How two Tartan Army fans who helped an elderly German man snatched victory from defeat for Scotland

The performances of the Tartan Army – epitomised by their fine renditions of Flower of Scotland and two Scotland fans who saved a frail old man from the rain – make them well worthy of the ‘best fans’ accolade

This is going to be difficult. Finding consolation amid the beer cups and bratwurst wrappers and broken dreams. A bit of hope. Something to make us feel better about ourselves.

But it’s surely this: the fans. The great, lurching, sweaty, skirling, cavorting mass of humanity that is the Tartan Army. For the millionth time in old Scotia’s history, and the 471st in a football context: wha’s like us?


The defining image of Euro 2024: two Tartan Army foot-soldiers shelter an elderly German in a Cologne downpourThe defining image of Euro 2024: two Tartan Army foot-soldiers shelter an elderly German in a Cologne downpour
The defining image of Euro 2024: two Tartan Army foot-soldiers shelter an elderly German in a Cologne downpour

Oh “Flower of Scotland”, when will we see you properly accepted by your countryfolk as not just a fitting hymn but a fine one? About 7.59pm on Sunday, I reckon this happened. After Munich, after Cologne, and after spontaneous recitals in countless beerhalls and on many trains, our wee mournful choon came of age in Stuttgart.


Surely that’s it now. Surely there will be no more mention of “dirge”. No more barneys about anti-English sentiment in the first verse (and the second verse). No more casting envious ears at the French anthem, the Italian one and others much more rousing.

And not only can we claim the defining sound of these Euros but also surely the single most outstanding image. You know the one I mean: the two guys in kilts helping the elderly German negotiate a downpour. Make no mistake, the beautiful moment will be prominent in the clips compilations when broadcasters wind up coverage of the tournament and it is destined for a life far beyond.

It happened in Cologne. Tartan Army footsoldier Ali Murray noticed that the fellow with the walking frame didn’t have an umbrella or indeed a free hand to hold one. Teaming up with another Scotland fan, the pair hoisted their brollies to help him on his way.

“It was heavy rain and I saw this old man struggling,” Murray told the Press and Journal. After being chaperoned across the main square, the man, who spoke no English, offered a grateful smile. “Everyone around was clapping, it was amazing,” added Murray.

Germany loves Scotland’

German transport bosses agreed and an artist’s depiction of the good Samaritan act quickly popped up on train carriages. It’s not beyond the bounds of possibility in an age fond of making heroes out of ordinary folk that the brolly guys will become mini-celebrities, much like baggage handler John Smeaton after he stopped a terrorist attack at Glasgow Airport in 2007.

A TV chat show might reunite the pensioner with his helpers. It would be funny if he was to confess he was heading in a completely different direction before being benignly waylaid. Funny and, if you like, classically Scottish. Still, the gesture summed up the Tartan Army’s good intentions at the tournament: to have fun, drink lots, be respectful of another country and its customs, make friends, drink more, support the team, leave a good impression and be a great advert for Scotland.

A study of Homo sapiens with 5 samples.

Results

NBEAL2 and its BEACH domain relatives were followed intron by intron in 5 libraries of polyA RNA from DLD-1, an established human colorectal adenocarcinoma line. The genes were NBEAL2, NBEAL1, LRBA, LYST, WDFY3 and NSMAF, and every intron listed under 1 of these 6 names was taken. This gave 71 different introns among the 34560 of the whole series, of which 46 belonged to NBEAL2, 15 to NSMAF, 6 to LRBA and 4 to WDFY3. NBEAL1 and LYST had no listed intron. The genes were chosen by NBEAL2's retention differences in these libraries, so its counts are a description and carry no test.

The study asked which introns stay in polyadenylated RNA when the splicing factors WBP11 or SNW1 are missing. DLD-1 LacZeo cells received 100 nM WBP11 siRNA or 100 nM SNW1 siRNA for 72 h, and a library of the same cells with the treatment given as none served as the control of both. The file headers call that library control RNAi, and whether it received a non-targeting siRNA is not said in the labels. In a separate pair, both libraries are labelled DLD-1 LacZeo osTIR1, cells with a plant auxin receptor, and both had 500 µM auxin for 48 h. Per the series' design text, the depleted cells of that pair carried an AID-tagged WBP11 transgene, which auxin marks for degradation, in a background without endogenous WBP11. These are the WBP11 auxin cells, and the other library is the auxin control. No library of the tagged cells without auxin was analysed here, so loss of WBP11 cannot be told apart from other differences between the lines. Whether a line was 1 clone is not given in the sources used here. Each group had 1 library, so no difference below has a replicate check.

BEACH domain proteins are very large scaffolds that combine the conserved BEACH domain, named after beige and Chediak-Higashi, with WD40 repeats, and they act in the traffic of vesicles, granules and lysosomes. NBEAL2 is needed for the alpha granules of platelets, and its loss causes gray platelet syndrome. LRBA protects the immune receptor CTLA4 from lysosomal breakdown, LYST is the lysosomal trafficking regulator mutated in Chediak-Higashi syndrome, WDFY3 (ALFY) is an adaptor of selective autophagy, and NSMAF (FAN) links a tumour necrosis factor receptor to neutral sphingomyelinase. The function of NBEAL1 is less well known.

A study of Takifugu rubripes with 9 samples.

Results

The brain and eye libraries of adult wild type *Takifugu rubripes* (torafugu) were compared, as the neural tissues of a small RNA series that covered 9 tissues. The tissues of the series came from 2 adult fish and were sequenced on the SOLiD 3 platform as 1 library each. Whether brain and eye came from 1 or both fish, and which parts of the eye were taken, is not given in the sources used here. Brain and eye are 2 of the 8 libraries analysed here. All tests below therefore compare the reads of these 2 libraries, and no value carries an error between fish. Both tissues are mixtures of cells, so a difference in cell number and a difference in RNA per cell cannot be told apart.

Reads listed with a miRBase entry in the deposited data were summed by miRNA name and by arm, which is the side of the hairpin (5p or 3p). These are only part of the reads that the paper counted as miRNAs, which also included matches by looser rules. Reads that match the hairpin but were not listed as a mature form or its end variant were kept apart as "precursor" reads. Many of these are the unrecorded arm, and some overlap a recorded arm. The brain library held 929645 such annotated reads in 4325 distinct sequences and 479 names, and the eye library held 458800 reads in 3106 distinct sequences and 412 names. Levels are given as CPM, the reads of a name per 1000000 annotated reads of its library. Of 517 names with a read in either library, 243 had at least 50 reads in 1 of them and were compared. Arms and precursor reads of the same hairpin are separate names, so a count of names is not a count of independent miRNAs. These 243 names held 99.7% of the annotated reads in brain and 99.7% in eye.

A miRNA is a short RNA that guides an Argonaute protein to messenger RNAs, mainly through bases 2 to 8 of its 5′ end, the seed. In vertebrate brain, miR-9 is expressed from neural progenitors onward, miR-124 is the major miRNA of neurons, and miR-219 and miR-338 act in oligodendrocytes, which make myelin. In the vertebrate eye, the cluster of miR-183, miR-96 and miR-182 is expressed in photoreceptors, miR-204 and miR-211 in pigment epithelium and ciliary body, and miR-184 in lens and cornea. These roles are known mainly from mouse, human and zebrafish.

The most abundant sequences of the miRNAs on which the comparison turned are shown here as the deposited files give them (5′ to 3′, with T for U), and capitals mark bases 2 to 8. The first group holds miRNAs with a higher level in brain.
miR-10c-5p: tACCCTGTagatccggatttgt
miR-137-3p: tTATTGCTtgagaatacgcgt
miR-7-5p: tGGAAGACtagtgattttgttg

This is also a homogenous age: everyone seems to look the same and act the same. Well, maybe not everyone, and not all of the time. Where else do the men wear skirts? Which part of the UK did not vote for Brexit? And at Euro 2024 which part of the UK, out in the stadplatze, did not wind up the locals with “Ten German Bombers”?

Instead, the lament was “Flower of Scotland”. On the marches to the stadia which became events and – chests out, bellies further out, neck veins throbbing, faces turning puce – during the pre-kickoff formalities. We couldn’t score a goal that wasn’t a crazy deflection but we could certainly sing.

New Flower of Scotland fans

For an anthem, ours has had a brief and controversial history. Here I should probably declare a tiny interest. The composer is Roy Williamson, one half of Scottish folk duo the Corries and back in the 1960s my father, a BBC Scotland producer, put him and sidekick Ronnie Browne on TV. As well as their Tuesday tea-time appearances on The Hoot’Nanny Show, they were often round our house, lugging weird and wonderful instruments for rehearsals in the sitting-room. The Corries outlived the programme but the friendship remained, and I well remember the moment of Dad telling me of Williamson’s pride in a new song, just completed – “Flower of Scotland”.

Every now and again, though, there are grumbles about its suitability, most recently last year when rugby legend Jim Telfer called for it to be ditched and replaced with a new anthem, something which demonstrated “maturity” and was “for something” rather than referencing Bannockburn.

How well the song is sung depends on the form of the team in dark blue. Murrayfield has been belting it out for a while with packed crowds enjoying exciting rugby, and the ground always contains enough old boys from private school choir practice to confidently go a capella for the final verse.

After a lengthy absence from tournaments, Hampden has only recently caught up, and in Germany the football hordes seemed to finally realise what we have in “Flower of Scotland” as love for the melody – and the sentiment – flowed our way from other countries where there’s less self-consciousness about politics and having a cause.

The Tartan Army found their voice. Pity about the team.